Thursday, 12 November 2015

[All the tea in China, and the milk too]

Australians are known to be compassionate, hard-working, good-natured and down-to-earth. We are a multi-cultural little island, kind to our neighbours, and generally have a giving attitude. But when does our kindness run out and the line in the sand get drawn between caring and being taken advantage of? 

One such line appears to be the trend of the Chinese online shopping sensation, ChinaBuy. Taobao villages, which produce a variety of goods for online stores, are touted as the new wave to flush some cash into the slowing Chinese economy, and it doesn't look like good news for Australians.

Each village makes something different, and the cyber stores then on-sell these items for the lowest possible price to ship worldwide. (footnote 1)

Baby formula is the newest casualty in this silent global warfare. Groups of people are buying out the product in bulk to sell in the online stores, creating a severe deficit in the market and making it harder for Australian mothers to feed their children. One mother even snapped a picture of such buying, with the photos going viral in a matter of hours (footnote 2)

Katrina, mother of five and located on the Central Coast, witnessed some men buying the cartons of formula in bulk, and it "quite frankly pissed me off. Being in a low income family, we are literally living payday to payday, and could only afford (at $25 per tin) one or two tins at a time. When the shelves were empty at Woollies and Coles, that meant the bus fare again the next day. This could go for a week before we found a store that had Bellamy's". (footnote 3) Unfortunately, this isn't a random occurrence; stories across the country and now coming to light with witnesses viewing various people buying out supermarkets of their stock in a matter of hours, let alone the week.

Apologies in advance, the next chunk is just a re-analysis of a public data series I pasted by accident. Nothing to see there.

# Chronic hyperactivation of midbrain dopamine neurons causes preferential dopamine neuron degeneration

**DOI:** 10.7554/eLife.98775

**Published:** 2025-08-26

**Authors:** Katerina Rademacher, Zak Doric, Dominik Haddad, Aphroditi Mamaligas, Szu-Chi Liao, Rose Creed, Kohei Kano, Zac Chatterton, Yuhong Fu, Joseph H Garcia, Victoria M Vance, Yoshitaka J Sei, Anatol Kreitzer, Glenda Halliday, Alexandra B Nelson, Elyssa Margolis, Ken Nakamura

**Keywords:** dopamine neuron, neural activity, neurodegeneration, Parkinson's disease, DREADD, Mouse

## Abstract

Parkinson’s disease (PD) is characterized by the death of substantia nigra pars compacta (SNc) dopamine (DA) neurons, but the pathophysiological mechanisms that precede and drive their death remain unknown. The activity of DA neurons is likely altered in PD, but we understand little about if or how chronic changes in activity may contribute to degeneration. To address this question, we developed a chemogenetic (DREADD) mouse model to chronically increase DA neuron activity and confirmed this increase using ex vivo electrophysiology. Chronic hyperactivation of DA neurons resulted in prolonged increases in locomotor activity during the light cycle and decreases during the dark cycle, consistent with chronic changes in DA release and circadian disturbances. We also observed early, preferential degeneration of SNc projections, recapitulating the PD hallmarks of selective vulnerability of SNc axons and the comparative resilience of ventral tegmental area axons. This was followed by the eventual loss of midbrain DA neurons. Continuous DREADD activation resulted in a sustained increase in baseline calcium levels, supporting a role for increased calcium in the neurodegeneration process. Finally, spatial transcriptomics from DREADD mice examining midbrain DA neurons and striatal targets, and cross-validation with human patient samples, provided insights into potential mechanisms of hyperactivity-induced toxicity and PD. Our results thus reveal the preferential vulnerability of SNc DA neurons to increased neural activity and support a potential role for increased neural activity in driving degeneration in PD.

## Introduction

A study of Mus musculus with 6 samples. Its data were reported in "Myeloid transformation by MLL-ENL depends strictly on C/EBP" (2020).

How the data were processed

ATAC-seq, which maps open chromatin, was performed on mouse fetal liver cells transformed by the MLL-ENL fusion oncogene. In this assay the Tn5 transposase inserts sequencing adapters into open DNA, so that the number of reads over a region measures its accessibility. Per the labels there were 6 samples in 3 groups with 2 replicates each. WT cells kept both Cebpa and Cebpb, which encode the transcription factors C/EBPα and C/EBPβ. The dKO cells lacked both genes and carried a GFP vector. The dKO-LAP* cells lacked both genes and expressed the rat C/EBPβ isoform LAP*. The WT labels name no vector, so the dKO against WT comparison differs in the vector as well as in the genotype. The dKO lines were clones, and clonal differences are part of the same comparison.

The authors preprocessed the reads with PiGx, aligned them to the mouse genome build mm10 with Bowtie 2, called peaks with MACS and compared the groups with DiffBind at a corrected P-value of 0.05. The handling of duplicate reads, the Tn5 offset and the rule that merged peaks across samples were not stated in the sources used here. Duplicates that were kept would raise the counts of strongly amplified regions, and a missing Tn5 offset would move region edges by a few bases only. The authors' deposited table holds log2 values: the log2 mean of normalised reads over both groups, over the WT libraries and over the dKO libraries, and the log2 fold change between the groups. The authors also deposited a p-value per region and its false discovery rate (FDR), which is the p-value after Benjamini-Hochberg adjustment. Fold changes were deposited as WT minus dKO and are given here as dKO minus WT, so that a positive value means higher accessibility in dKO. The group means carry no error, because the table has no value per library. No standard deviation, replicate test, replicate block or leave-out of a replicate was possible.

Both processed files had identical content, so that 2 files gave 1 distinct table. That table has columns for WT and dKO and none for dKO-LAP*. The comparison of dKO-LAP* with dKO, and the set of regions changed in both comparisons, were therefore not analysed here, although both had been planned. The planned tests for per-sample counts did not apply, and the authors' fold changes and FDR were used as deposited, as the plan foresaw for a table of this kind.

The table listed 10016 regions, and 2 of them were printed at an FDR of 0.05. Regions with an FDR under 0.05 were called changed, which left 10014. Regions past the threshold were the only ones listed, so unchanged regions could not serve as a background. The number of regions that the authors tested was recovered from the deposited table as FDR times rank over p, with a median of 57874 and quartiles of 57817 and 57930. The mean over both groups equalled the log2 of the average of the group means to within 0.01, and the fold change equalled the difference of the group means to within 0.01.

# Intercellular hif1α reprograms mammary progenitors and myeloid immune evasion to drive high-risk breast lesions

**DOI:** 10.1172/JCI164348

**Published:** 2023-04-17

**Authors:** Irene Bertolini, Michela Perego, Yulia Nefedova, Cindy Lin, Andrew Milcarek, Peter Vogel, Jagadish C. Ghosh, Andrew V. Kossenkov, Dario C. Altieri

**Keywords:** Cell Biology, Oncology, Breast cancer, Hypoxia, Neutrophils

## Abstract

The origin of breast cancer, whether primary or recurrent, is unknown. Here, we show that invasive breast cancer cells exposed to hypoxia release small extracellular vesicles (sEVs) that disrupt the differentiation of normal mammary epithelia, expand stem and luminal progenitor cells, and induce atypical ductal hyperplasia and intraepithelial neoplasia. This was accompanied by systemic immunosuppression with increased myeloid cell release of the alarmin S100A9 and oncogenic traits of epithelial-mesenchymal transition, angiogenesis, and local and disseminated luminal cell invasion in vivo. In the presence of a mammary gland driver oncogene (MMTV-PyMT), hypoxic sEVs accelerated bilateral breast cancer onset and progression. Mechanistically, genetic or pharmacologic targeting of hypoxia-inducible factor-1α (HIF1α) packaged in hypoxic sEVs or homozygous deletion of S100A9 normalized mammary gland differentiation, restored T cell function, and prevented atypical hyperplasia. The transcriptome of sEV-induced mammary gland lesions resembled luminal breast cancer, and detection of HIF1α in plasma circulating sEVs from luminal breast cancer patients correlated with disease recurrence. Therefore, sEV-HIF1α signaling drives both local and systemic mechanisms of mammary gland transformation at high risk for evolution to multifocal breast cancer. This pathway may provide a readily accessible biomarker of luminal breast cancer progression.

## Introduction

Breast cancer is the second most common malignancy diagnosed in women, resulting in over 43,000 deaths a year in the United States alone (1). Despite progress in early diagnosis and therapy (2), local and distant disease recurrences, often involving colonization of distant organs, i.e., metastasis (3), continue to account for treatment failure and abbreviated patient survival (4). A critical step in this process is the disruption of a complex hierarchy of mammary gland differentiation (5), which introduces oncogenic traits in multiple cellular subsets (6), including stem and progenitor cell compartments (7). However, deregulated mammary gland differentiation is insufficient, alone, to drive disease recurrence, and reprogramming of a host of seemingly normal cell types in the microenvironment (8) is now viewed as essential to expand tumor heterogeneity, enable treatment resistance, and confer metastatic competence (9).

In a jarring juxtaposition, the formula online is actually 3 times as expensive to buy than from Woolworths. Unconfirmed reports have stated that Woolworths are meant to have a 4 -8 tub limit per customer, but with stores seemingly unwilling to enforce this, Australian mothers are left to find increasingly dwindling alternatives to A2 Toddler Gold and Bellamy baby formula. (footnotes 4, 5, and 6).

However, Australian mothers don't blame their across-the-pond counter-parts in any way for this mess; they believe the government needs to step in and address the deficit. After a contaminated milk scare, which included baby formula, in China in 2008, mothers are looking elsewhere to feed their children. This seems to very much put parents on equal footing - they just want the best for their children, and they'll go to any source to get it (footnote 7).

On a greater scope and as a side note, it's important to note the far-reaching effects. Much like when Pacific Brands (previously makers of Bonds), and now Holden (moving offshore in 2017), decided to take the global leap, the mood is equally sour amongst the Australian public about what this trend heralds (footnotes 8 and 9). 

The Trans-Pacific Partnership (TTP) was already making people nervous, with concerns over the job market and access to cancer medications, to name but a few. This new development now looks to set a direction for Australians goods never seeing Australian homes.

It begs such simple questions; when a mother can't get formula for her baby, are our all our staples, like fruit and veg for example, also set to disappear? 

Food for thought, Australia, food for thought.



1. Taobao stores

2. A2 Platinum baby formula scandal

3. K. Davis, Springfield, Gosford

4. ChinaBuy - Bellamy baby formula

5. Woolworths - Bellamy baby formula

6. Currency converter

7. The Project - facebook page - video story

8. Pacific Brands moves offshore

9. Holden production moves offshore

*In case the websites remove these products, I have saved screenshots with date logs for verification.